Sunday, August 29, 2004
The more I see of Israel, the more I discover the surprises hidden away in this tiny country. I had no idea what was in store last Friday when my friend invited us to visit her new place of work.
Driving into the village outside Netanya, the scenery reminded me of a typical Nahum Guttman painting: fields of ruddy terra rossa soil, citrus groves and shady eucalyptus-lined lanes with pastel stucco houses nestling under terracotta tiled roofs. There are hundreds of places like it all over central Israel.
Arriving at our destination the scene was more John Constable than Guttman. Though flanked in typical Israeli fashion by fuchsia bougainvillea, the barred metal gate bore a green English language sign: "Horse Route".
Beyond it a short path led to an immaculate paved farmyard. A small brown Welsh pony leant inquisitively over the half-door of his loosebox. Bales of hay were stacked nearby. A pair of towering majestic horses were being led away from the spacious paddock by efficient stable girls wearing jodhpurs and knee-high riding boots, their hair neatly tied into plaits and buns.
We entered the very English-looking stables, complete with a welcome sign adorned with horseshoes. Three large farm cats lounged in the shade of its eaved roof and a shaggy muppet-like guard dog ambled out to greet us.
Indoors, a neat tack room was well stocked with black velvet riding helmets and English saddles. Spacious stalls housed the sort of impressive horses you see on the professional European show jumping and dressage circuit - evocative breeds such as Westphalian, Holstein, Wurrtemberg and Trakehner.
If you shut your eyes to the adjacent orange orchard, you could have been in England.
Only instead of being called Charlotte or Imogen, the stable girls had names like Anat and Noa, and their language was biblical, not Shakespearean.
In general, the scene reminded me of Kipling. Surely the British imperial India that he knew must have been something like this, incongruous slices of England implanted in an oriental land, native creatures intruding on the semblance of Britishness. The English romantic poet Rupert Brooke came to mind with his visions of English rural idylls. I felt as though I'd happened upon a remnant of the British mandate.
As a child I had devoured books about such places, so exotic to me in their goyish country Englishness. Places where girls named Jill and Kate competed at the village pony club, treating their mounts to Polo mints from the village shop, while their parents went along to the local foxhunt.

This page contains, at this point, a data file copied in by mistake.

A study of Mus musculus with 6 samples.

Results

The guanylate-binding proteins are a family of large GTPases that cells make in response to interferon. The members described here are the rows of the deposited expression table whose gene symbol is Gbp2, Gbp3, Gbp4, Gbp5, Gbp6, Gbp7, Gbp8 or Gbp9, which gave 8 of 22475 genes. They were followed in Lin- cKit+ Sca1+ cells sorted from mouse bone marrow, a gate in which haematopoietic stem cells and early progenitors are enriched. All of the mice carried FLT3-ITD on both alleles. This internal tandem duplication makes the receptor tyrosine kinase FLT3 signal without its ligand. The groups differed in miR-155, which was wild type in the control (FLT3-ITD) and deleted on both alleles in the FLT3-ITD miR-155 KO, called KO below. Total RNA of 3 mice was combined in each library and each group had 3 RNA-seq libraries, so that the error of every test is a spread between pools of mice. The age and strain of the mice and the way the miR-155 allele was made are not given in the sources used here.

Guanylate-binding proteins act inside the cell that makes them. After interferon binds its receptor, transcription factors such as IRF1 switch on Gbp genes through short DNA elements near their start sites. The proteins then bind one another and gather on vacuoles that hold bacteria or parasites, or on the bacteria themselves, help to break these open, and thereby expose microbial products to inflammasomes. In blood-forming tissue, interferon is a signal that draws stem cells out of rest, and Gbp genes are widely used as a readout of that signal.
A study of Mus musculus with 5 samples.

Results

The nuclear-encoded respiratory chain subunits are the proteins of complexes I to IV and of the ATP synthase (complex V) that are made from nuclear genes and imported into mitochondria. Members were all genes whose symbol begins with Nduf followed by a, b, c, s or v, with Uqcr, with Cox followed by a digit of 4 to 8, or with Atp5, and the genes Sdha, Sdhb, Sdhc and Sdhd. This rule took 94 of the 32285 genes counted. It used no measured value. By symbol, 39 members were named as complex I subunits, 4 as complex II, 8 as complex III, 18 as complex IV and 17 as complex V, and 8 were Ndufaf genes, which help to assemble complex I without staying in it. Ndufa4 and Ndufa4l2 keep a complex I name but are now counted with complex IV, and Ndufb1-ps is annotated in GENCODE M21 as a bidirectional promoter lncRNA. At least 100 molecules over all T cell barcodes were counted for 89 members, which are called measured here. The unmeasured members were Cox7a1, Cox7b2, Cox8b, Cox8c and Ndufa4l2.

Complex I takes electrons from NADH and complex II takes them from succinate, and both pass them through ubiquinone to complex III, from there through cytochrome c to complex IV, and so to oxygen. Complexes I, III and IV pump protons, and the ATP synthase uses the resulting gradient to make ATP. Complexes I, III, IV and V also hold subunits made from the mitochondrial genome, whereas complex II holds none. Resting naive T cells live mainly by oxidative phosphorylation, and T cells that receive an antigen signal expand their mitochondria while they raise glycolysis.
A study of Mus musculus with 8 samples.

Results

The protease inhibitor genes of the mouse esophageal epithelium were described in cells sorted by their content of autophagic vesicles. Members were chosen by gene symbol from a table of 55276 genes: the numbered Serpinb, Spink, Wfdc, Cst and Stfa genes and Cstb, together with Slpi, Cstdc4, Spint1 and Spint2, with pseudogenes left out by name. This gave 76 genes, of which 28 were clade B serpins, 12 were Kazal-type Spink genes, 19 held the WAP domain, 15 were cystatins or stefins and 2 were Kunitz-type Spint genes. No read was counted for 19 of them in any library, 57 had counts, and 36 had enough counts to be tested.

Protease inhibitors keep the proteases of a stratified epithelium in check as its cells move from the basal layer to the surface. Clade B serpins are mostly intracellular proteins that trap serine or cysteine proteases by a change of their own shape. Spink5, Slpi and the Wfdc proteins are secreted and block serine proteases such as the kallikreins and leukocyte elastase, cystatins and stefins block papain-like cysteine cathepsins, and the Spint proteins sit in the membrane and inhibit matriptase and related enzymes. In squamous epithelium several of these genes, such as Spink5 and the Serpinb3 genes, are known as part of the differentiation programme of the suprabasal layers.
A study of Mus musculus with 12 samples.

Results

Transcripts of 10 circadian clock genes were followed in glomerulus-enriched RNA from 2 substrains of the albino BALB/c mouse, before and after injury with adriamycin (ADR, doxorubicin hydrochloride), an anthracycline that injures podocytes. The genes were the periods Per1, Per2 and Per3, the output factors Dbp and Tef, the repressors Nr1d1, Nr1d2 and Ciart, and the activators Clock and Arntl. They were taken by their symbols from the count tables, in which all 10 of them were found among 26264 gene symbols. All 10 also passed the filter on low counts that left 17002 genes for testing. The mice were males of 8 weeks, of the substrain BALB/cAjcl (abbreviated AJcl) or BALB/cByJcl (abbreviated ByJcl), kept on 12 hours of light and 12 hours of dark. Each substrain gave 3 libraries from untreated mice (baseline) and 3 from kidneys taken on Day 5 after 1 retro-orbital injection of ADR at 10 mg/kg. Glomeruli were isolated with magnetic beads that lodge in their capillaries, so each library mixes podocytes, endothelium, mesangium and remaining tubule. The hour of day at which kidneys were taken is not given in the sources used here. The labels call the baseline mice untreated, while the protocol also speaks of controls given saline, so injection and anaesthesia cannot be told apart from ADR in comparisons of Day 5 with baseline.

I never imagined that my first visit to a prim and proper rural English riding school would be around the corner from Netanya.
My mind spun with a flood of pent-up horsy knowledge, untapped for years - obscure vocabulary, breed details, correct saddle posture - never mind that I've never had a riding lesson in my life.
I chatted in a Hebrew peppered with foreign jargon to the very English-looking - yet Israeli - proprietor. Her mission is to promote the discipline and elegance of English riding, in particular that most refined of equestrian arts, dressage. Akin to ballet on horseback, this dignified sport requires a perfect fusion of horse and rider to achieve the appearance of effortless coordination.
Israel, I learnt, has a small but devoted dressage community, competing in events in Israel and abroad. We even had an entrant in this year's Olympics, though injury to his horse prevented him from competing. While Israel is nowhere near western European standards, we have won tournaments within our regional group, which includes Cyprus, Egypt and Turkey.
I was taken aback to discover that dressage even exists here. Its formal style, with horses with plaited manes and competitors clad in smart tailored jackets, trim breeches and sleek boots, seems utterly at odds with the regional culture.
I knew there was a thriving Western riding scene in Israel, and even rodeos. The small beef cattle industry supports a modest group of professional Israeli cowboys, which has inspired a growing culture of recreational Western horsemanship. This easygoing style, with its macho overtones, gung-ho vocal commands, casual riding attire, and big, comfortable saddles seems to better suit the rough and ready Israeli character.
There is apparently little love lost between advocates of the English and Western schools in Israel. The stable's proprietor bemoaned the pervasiveness of the Western style here, how uncouth it was, how unaesthetic. She ran her stables as an example of how she thought things ought to be.
As Herzl said, "If you will it, it is no dream".
And as Rupert Brooke wrote, "There is some corner of a foreign field that is forever England."